All-New Guardians of the Galaxy: Communication Breakdown – Gerry Duggan, Aaron Kuder & Marcus To (Panini / Marvel)
All-New Guardians of the Galaxy: Riders in the Sky – Gerry Duggan, Frazer Irving, Chris Samnee, Greg Smallwood, Mike Hawthorne, Roland Boschi & Rod Reis (Panini / Marvel)
Well, blast me into atoms and call me Barin, it’s a double whammy of prime-time, eyes glued to the page, engage brain and we’ll see you after it’s all over Guardians goodness. That’s right folks, Peter Quill and his erstwhile space ravaging, planet saving crew are back in action and this time, they’re delivering twice the excitement and fun. While the fate of the universe doesn’t depend on you becoming acquainted with Communication Breakdown and Riders in the Sky, if you want to keep up to light-speed with the Guardians, you’re going to need to immerse yourself in both books as the pair are inextricably linked. And you wouldn’t want to suffer a cranial confusion overload because you can’t quite figure how plot thread A links to thread D because you only bought one book and threads B and C are in the other volume, would you?. That’s the sort of mistake that leads to the kind of catastrophic meltdown in which Sainsbury’s somehow becomes an advance base for an alien spearhead invasion, bananas are mistaken for rayguns and shopping trolleys assume the form of single-pilot fast attack fighters. Which is a scenario best avoided as it doesn’t end well for anyone involved. So take it as written, that if you’re going to read Riders in the Sky, then you also need to read Communication Breakdown.
With that, let’s move swiftly on to the business at hand. The first book, and it’s only assuming that position because it begins with issue one of the All-New Guardians series, Communication Breakdown see’s our ragtag bunch of loveable cosmic scamps and scallywags plotting their final job as a team, which just happens to be biggest heist that they’ve ever dared to dream of, one that’s supposed to set them all up for life and their lives as far away as possible from each other. Like all Guardians gigs though, it doesn’t go exactly as planned and ends with them becoming hopelessly entangled in the affairs of the Elders of the Universe and setting off to find the infinity stones in an attempt to discover just who* has altered reality and why. Faster than the Falcon on the Kessel Run, it’s a story that plunges the Guardians into the deep end of shark infested celestial waters without life-jackets and encourages them to learn how to swim with their arms tied or die trying. Which means, as you’ve probably already guessed, that it’s pretty darn awesome.
However, awesome as it is, it isn’t without its faults as it doesn’t really explain how each of the Guardians have reached the points in their lives that have prompted them to undertake this last journey together and why their fragile and often troubled relationships are about to disintegrate completely. Or why Drax has foresworn violence, Groot won’t grow and why Gamora is obsessed with the soul stone. And that’s where Riders in the Sky comes in, as through its collection of one shots that focus on the individual team members, all of the blanks left in the wake of Communication Breakdown are filled in and thoroughly explained. Oh and it also probes and contemplates the power and eternal appeal of music and the once bitten, forever smitten devotion to physical media and carrier formats that plagues music fans the world over through Quill’s story in which he sets off in pursuit of a lost song. And it also sees the beginning the Guardians quest to find the aforementioned infinity stones. It’s a storming, page turner in its own right, but when teamed with Communication Breakdown, becomes indispensable.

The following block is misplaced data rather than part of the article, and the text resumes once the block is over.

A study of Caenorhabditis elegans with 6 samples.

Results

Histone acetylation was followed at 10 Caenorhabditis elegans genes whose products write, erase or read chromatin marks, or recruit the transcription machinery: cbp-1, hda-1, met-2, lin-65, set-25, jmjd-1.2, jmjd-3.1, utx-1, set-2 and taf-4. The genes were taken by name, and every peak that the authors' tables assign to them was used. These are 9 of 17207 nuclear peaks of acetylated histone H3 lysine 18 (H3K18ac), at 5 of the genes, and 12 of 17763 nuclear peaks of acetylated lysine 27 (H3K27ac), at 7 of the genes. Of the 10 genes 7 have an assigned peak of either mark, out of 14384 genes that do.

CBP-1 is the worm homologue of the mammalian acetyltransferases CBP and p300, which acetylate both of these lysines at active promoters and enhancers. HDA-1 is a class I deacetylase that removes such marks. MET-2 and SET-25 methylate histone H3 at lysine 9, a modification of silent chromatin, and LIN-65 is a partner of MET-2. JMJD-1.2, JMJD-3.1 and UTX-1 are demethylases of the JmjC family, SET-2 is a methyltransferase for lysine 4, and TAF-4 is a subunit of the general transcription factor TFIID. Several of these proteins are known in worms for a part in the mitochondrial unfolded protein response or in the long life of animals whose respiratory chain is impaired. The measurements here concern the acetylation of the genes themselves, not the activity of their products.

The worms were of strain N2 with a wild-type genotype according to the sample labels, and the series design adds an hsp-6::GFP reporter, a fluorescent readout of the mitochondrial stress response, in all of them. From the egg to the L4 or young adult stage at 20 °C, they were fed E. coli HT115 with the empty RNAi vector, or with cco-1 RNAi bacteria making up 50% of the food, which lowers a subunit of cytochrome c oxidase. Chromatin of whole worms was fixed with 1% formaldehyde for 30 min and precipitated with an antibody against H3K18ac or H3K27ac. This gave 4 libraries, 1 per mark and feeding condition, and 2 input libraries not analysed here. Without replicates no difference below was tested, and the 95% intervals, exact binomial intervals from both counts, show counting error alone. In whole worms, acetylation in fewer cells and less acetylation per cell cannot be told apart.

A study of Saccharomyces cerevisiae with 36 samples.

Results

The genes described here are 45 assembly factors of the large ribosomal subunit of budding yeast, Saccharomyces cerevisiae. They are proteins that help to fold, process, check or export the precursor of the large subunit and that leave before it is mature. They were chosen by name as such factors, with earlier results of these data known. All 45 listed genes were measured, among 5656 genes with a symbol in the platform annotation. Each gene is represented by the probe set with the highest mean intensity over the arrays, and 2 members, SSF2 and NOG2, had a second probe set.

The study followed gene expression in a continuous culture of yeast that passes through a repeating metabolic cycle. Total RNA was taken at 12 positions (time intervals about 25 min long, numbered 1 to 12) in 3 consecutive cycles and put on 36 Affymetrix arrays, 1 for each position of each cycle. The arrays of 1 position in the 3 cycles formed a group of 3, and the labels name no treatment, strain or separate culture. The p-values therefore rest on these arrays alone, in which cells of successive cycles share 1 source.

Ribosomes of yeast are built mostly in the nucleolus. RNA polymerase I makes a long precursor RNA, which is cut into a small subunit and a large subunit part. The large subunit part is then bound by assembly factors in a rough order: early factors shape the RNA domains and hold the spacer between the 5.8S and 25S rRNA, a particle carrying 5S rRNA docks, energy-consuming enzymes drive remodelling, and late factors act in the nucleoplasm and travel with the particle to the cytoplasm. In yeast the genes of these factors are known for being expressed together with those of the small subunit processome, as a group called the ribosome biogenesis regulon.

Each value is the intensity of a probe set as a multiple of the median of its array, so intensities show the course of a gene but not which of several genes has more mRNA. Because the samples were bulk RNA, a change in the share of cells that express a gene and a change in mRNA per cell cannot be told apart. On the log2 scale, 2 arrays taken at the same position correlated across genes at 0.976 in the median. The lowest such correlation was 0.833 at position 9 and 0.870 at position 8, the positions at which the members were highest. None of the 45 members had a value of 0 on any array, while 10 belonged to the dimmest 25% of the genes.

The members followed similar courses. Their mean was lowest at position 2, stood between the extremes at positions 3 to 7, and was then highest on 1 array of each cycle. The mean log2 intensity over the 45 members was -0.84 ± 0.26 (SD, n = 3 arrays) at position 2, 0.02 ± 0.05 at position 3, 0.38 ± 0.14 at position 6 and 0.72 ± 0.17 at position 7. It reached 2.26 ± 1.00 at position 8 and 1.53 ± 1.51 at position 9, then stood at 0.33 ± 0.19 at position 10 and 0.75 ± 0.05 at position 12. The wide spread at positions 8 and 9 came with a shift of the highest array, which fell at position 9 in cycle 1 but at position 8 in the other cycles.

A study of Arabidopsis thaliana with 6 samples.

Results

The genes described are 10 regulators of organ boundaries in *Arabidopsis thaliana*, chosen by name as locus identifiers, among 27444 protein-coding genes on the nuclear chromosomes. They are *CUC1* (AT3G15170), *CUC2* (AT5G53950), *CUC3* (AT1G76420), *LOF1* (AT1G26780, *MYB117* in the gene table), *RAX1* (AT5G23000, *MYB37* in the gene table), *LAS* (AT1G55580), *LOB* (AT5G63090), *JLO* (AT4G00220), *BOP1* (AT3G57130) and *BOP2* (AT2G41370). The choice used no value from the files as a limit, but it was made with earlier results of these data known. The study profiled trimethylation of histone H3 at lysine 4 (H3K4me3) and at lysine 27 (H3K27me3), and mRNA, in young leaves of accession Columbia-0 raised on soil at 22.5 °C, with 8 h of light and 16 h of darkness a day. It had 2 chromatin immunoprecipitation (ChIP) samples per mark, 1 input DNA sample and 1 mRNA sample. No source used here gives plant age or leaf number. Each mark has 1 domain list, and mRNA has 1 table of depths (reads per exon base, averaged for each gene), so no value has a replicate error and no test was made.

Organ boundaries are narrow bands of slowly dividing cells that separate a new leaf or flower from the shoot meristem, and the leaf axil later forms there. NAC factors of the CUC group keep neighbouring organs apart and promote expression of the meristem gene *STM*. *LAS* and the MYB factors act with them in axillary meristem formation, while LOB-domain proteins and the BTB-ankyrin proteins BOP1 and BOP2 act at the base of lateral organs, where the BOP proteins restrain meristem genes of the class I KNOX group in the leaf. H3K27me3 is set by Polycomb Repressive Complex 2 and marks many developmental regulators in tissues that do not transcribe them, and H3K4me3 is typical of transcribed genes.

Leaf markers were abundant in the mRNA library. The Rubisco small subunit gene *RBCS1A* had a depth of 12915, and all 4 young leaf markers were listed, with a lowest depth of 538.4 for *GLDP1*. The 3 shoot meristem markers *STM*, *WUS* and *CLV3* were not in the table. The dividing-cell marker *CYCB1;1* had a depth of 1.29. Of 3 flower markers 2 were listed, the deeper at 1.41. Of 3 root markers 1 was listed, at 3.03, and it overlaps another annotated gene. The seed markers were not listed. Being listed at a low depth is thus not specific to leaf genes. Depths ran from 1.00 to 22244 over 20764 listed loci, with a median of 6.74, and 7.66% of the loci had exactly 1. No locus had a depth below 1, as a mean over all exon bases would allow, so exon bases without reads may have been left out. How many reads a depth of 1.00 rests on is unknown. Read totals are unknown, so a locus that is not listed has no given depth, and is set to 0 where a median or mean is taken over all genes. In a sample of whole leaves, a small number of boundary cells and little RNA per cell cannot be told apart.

I have no idea how Gerry Duggan does what he does. I mean, I wish I did and I wish I knew which brand of coffee he gets all fired up on, which pills he pops and what it is he does in order to hone his imagination and concentration into a razor sharp tool of literary excellence, because if I did know, I’d follow the Duggan life plan to the letter forever. He doesn’t drop the four colour narrative ball once in either book, delivering page after page of instantly gratifying and intensely satisfying characterisation, dialogue and story telling that are liberally sprinkled with dark and infectious humour. And don’t even get me started on the art, because though I’m massive Chris Samnee and Rod Reis fanboy and just about lose my mind over everything they do, each of the artists involved brings their absolute A-game to the Guardians party, making it damn near** impossible to favour any of them individually as every panel burns its way into your imagination. Hit play on your awesome mix tape and get ready for adventure… Tim Cundle
*One of the more famous mischevious Marvel miscreants. But sssshh, it’s a secret as the Guardians don’t know who the big bad is. Yet.
** Although, of course, Samnee and Reis take joint first prize, because…Well because they’re Reis and Samnee. I said it was nearly impossible, not absolutely or totally impossible.